The District of Columbia City Council Nov. 15 approved a bill allowing doctors to prescribe lethal medications to terminally ill patients who want to end their lives.
On a voice vote, a majority of the 13-member council approved the "Death with Dignity Act" that permits physicians in the District of Columbia to legally prescribe the drugs to patients who have been deemed mentally competent and who have received a terminal diagnosis of six months or less.
The vote does not mean legalized assisted suicide is now the law in the district. The measure moves to Mayor Muriel Bowser for approval or veto. If it is approved, the law would be subject to congressional review.
Michael Scott, director of the D.C. Catholic Conference, blasted the council decision. "Once again council members who voted for the legislation failed to address serious public policy concerns raised by the broad and diverse coalition opposing the legislation," he said in a statement.
Ward 7 Councilmember Yvette M. Alexander, chairperson of the Health and Human Service Committee, and Ward 1 Councilmember Brianne Nadeau offered the only votes opposing the measure. There was no discussion of the legislation.
Prior to the vote, the council approved an amendment proposed by Alexander that requires the Department of Health to include data from all patients who submit written or oral requests for the lethal medication in an annual statistical report. Prior to the amendment, the legislation only required that the report include data from a sample of information sent by doctors.
Scott said Bowser can veto the bill in view of the concerns raised by opponents, "some of which," he said, "were also outlined by her Department of Health director, (Dr.) LaQuandra Nesbitt, during her public testimony last year. It would be irresponsible to ignore her own subject experts and the large number of residents who oppose the legislation."
Nesbitt, who was appointed by Bowser, has openly opposed the bill, saying it violates her Hippocratic oath.
In a statement prior to the final vote, Scott the new law is closer to "assisted homicide" than assisted suicide because it violates a section of the D.C. Code that classifies as a first-degree murderer "whoever, being of sound memory and discretion, kills another purposely, either of deliberate and premeditated malice or by means of poison."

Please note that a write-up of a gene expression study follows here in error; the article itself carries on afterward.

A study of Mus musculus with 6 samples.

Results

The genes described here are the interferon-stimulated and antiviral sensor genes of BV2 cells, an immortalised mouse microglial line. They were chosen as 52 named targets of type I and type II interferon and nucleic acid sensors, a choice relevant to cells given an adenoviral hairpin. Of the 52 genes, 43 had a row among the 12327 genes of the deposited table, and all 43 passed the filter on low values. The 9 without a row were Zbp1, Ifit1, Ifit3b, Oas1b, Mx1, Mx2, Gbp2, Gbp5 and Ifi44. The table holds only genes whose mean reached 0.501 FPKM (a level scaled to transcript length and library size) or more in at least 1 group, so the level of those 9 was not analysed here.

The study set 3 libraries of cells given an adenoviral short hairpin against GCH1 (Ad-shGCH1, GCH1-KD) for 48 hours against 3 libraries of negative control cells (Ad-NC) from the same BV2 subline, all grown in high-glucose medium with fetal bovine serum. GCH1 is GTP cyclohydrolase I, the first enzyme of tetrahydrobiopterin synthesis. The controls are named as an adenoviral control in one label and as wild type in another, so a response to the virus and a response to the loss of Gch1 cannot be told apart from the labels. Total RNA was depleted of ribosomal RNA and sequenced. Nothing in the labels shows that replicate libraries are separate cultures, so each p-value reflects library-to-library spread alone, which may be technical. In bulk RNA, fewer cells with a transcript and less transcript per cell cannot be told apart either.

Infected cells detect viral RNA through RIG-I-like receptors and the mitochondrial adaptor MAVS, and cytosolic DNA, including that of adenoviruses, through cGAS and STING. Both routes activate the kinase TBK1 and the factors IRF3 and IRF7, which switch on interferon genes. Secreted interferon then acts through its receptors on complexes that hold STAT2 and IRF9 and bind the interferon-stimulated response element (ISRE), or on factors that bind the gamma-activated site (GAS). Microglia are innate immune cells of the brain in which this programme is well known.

The D.C. Catholic Conference represents the public policy interests of the Catholic Church in the District of Columbia. The conference, which joined a broad-based coalition of other groups in opposing the measure, issued a statement expressing disappointment at the conclusion reached by the council.
"The D.C. Catholic Conference is sorely disappointed that the City Council passed the so-called Death with Dignity Act of 2015 legalizing assisted suicide in the District of Columbia," the statement said. "This bill imperils residents particularly those who are sick, elderly, disabled, and uninsured in our communities. It allows for coercion and abuse including third-parties administering the lethal drugs to patients who may or may not be incapacitated and or even requesting assisted suicide.
"Along with No DC Suicide, the conference will continue to press Mayor Muriel Bowser to veto this extreme, reckless, and dangerous legislation opposed by a large number of city residents," it said.
When the council approved a first reading of the measure Nov. 1, Scott said the law "discriminates against our African-American and Hispanic neighbors, sick seniors, the disabled, the uninsured and all who are vulnerable in our community."
Opponents say the bill is flawed because it endangers "high-risk" populations including the elderly, the uninsured and underinsured, the homeless, low-income individuals and those with intellectual disabilities.
They also point out it does not require doctors to give patients a screening for depression before providing them with the lethal prescription; the patient is not required to notify family members before taking the medication; and no doctor, nurse, or legal witness is required to be present when the lethal dose is taken.
Even those councilmembers who voted for the measure acknowledge that there may be dangers with the bill. They earlier approved an amendment to the original proposal that allows the city's medical examiners to investigate possible coercion and abuse in assisted suicide cases.
Introduced in 2015 by Ward 3 Councilmember Mary M. Cheh, a member of the Health and Human Services Committee, the law permits a physician to legally prescribe lethal drugs to patients who have been deemed mentally competent and who have received a terminal diagnosis of six months or less.
When she introduced the bill, Cheh said permitting the terminally ill to kill themselves provides "a humane and dignified manner" of dying. On Nov. 1, she said the measure "allows those people on death's doorstep to choose a compassionate death."
If the bill eventually becomes law, the District would be the nation's seventh jurisdiction to allow doctors to assist the terminally ill to kill themselves. Five states — Vermont, Oregon, Washington state, Montana and New Mexico — previously allowed assisted suicide. On Nov. 8, Colorado residents approved a proposition legalizing physician-assisted suicide there.
Similar physician-assisted suicide laws have been introduced and have failed in 22 states.
Oregon, Washington, and Colorado legalized assisted suicide through ballot initiatives. Scott noted that because the measure was not put to referendum for citizens to vote on, city residents have had "their opinions dismissed on a literally life and death issue. This strikes many as unfair and unjust."
[Szczepanowski and Seegers are reporters at the Catholic Standard, newspaper of the Washington archdiocese.]